Wednesday, April 13, 2005

A breathless inheritance

'A woman who smokes during pregnancy could increase her grandchild's risk of developing asthma', reports BBC News. Researchers in Southern California interviewed the parents or guardians of 908 children. At the age of five, 338 children had been diagnosed with asthma. Where both grandmother and mother had smoked during pregnancy, the children were two-and-a-half times more likely to have asthma than those where neither smoked. But even where only the grandmother had smoked during pregnancy, the risk of asthma was nearly doubled. The researchers suggest that this could be caused by damage to the eggs within the foetus, or perhaps due to damage to foetal DNA which only expresses itself in the next generation.

There is another explanation: that there is no such effect at all. Any epidemiological study will be subject to numerous confounding factors, including that the result is due to chance.

The odds of finding something that appears to be significant, but is actually pure coincidence, are increased by the way in which much of today's research is conducted. People are asked about many different factors - what they ate, smoked and drank, how much they exercised, what job they do, and so on - and these are then compared with the rates of a particular condition, in this case asthma.

If one factor seems to have a significant effect, then the researchers make educated guesses about why this might be, and declare their results to the world. Once in a while, something interesting is stumbled upon; but most of the time, the effect is more statistical than real. Before such speculations are promoted, the results should be replicated to confirm that they aren't just down to chance. As it is, this study offers no new evidence in relation to how grandmaternal smoking could cause asthma.

Moreover, the diagnosis of asthma in very young children is fraught with difficulty. Professor Martyn Partridge, chief medical advisor to Asthma UK, told the BBC: 'Several previous studies have shown an association between wheezing illnesses in early childhood and maternal, and to a lesser extent paternal, smoking. Some that have then followed such associations through to older childhood have shown less definite association suggesting that some of the early life wheezing was not necessarily due to asthma.'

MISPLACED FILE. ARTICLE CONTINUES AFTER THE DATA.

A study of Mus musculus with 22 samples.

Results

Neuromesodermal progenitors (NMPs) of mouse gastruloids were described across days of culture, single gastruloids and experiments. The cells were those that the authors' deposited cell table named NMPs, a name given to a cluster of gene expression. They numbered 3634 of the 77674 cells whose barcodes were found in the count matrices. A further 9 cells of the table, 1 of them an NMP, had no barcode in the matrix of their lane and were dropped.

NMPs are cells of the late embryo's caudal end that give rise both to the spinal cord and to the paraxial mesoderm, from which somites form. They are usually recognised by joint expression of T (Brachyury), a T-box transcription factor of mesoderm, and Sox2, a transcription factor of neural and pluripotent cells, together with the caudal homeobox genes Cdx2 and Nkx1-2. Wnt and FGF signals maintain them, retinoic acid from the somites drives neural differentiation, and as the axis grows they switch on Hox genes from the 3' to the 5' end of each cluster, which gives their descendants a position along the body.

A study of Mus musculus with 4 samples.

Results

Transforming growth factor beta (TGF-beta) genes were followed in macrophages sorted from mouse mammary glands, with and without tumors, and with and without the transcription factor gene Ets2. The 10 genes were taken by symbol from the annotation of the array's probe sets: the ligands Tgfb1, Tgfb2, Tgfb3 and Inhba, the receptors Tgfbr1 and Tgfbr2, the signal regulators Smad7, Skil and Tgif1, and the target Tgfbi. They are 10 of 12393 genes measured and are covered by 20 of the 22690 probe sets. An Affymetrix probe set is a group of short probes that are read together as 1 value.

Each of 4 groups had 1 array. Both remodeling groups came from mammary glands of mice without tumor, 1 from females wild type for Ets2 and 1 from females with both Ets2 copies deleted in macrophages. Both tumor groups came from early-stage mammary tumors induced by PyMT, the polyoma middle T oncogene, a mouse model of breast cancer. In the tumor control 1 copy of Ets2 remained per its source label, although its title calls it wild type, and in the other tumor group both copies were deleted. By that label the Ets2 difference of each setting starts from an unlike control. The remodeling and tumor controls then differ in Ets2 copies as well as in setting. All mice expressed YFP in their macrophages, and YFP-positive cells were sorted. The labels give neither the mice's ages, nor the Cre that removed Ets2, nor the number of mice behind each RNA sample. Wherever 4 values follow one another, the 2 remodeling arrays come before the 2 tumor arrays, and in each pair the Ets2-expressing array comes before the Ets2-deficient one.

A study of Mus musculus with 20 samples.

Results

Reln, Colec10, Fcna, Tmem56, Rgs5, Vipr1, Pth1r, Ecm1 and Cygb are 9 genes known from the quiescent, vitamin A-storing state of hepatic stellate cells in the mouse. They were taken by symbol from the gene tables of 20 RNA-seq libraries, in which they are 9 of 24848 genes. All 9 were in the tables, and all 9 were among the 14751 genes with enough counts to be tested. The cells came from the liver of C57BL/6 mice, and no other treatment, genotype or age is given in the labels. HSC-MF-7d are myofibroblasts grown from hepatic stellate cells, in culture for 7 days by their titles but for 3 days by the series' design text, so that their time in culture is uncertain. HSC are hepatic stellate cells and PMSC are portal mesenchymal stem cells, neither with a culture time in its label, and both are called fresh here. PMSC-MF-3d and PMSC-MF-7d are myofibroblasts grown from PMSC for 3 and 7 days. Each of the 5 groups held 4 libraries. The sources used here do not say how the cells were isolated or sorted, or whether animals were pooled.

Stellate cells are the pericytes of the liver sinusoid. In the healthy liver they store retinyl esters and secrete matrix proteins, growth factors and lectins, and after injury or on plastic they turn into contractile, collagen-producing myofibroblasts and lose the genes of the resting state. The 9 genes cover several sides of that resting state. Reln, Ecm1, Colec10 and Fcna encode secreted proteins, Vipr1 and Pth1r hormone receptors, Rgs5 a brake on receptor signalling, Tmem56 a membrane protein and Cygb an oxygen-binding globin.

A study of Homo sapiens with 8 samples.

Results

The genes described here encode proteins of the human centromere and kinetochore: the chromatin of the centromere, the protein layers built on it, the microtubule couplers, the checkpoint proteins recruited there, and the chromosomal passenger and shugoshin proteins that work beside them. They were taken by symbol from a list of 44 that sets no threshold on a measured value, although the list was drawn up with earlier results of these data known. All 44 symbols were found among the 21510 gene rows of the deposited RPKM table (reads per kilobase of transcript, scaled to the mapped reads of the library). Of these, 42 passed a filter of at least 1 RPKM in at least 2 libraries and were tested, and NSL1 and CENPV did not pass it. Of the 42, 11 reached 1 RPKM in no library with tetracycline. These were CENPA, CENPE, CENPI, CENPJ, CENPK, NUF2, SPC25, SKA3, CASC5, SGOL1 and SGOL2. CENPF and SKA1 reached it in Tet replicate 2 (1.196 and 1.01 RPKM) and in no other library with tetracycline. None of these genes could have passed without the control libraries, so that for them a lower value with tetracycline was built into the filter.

And this study can't rule out a more obvious cause - that the kids are just breathing smoke from their parents or grandparents at home. Lead researcher Frank Gilliland admitted that 'second-hand smoke may also play a role that we could not separate in this study'.

It's not clear what practical application these results might have. Mothers-to-be are already warned for a variety of reasons that smoking during pregnancy is unwise, and most smoking women cut down or stop smoking for the duration of their pregnancy. Fretting about children to be born 20 or 30 years down the line seems excessive. But perhaps no guilt-trip is too excessive in an era where smokers have become public enemy number one.

Gran's smoking 'asthma risk', BBC News, 11 April 2005

Pregnant smokers increases grandkids' asthma risk, New Scientist, 11 April 2005

First published on Spiked's Don't panic page.